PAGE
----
HYDERABAD: HCH-hexachlorocyclohexane, an insecticide is present in the milk, revealed by the study conducted in Hyderabad. Raw milk had been taken as samples from different markets to prove the existence of HCH.

World Health Organisation suggests the limit of HCH is 0.001 parts per million (ppm) but the residue is higher than that.

Veterinary Public Health and Epidemiology department conducted the study at PV Narsimha Rao Telangana Veterinary University on Tuesday.

HCH, what it is?

Benzene hexachloride (BHC) contained all kinds of HCH and it’s divided into various alpha, beta, gamma and delta varities. Before it was ban in India it was used upto 40 pc of entire insecticide usage as per the reports.

HCH is also a ‘persistent organic pollutant’, which means it can remain in the environment for years together. However gamma-HCH, Lindane was restricted to use by the government in 1997.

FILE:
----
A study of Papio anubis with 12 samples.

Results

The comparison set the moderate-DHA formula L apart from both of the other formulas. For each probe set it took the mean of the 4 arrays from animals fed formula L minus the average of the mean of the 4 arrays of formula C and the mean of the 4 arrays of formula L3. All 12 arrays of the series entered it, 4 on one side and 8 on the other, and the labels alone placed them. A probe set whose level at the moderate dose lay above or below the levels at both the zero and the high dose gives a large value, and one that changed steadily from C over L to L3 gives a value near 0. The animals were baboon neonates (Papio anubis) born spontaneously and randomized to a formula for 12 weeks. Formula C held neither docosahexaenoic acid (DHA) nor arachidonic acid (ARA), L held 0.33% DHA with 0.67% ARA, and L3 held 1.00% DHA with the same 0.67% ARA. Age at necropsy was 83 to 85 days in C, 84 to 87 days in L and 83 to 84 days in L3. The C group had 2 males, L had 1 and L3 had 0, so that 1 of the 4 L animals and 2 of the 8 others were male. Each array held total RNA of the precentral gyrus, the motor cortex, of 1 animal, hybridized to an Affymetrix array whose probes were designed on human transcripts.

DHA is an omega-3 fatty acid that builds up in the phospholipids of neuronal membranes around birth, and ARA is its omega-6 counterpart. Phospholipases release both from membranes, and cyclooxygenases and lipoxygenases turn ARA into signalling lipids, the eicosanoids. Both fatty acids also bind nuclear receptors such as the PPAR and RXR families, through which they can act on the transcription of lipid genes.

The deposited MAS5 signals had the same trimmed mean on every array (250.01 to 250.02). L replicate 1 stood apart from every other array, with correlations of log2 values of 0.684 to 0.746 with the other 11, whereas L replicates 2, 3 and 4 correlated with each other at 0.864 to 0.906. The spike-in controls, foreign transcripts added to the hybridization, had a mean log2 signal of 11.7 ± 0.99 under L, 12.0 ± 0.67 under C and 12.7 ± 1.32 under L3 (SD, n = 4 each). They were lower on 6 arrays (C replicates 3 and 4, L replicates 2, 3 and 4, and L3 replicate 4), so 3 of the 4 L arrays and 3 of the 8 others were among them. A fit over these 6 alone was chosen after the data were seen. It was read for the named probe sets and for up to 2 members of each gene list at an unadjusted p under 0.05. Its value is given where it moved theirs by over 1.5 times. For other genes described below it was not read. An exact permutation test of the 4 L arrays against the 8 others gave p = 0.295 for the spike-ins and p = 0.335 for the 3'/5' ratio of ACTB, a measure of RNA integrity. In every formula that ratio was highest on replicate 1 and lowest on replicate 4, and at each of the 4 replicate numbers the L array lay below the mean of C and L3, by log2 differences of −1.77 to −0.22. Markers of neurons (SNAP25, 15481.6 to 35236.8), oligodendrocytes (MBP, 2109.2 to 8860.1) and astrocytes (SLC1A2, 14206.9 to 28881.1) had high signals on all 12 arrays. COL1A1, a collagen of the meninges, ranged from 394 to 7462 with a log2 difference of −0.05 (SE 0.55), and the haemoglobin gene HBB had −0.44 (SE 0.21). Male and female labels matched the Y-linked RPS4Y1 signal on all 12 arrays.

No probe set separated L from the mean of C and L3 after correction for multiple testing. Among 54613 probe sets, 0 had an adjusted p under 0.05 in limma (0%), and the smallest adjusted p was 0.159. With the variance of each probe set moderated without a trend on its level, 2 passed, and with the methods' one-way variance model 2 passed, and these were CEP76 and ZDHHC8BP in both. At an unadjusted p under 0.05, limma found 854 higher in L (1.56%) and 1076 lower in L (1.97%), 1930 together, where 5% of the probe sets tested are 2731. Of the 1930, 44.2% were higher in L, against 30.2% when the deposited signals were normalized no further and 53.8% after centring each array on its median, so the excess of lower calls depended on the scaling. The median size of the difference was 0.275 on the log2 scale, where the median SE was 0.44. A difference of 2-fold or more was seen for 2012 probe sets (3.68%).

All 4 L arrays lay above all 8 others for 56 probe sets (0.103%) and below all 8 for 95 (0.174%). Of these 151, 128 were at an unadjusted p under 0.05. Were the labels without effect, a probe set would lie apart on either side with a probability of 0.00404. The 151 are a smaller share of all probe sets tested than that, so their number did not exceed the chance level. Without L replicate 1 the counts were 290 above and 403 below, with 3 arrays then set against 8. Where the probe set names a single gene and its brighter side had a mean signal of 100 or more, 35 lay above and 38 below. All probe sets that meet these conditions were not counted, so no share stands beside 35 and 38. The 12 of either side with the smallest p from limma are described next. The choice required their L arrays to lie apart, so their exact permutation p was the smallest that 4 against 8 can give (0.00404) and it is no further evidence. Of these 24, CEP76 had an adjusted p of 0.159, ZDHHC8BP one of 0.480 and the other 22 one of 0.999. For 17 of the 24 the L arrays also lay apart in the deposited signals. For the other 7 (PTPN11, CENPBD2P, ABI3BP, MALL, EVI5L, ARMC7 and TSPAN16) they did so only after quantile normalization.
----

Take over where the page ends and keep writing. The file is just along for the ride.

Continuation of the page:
To our surprise, the samples of milk tested contains high amount of all four kinds of HCH, particularly delta-HCH.

“Lindane is not much in use now and other HCHs were banned long back. A main reason behind HCHs being found in milk samples must be the residues which got accumulated in soils over several years. HCHs do not degrade easily. From the soil they spread into vegetation and water bodies. When the cattle consumes this contaminated fodder the HCH gets accumulated in their fat and gets in the milk too,” says Dr Shashi Bhushan Vemuri, former head of All India Network Project on Pesticide Residues.

‘Sterilisation better than boiling or pasteurisation’
The veterinary varsity tested milk samples with three heating techniques like Pasteurization in which milk is boiled for five minutes and sterilization. Among the three methods they found sterilization is the best method.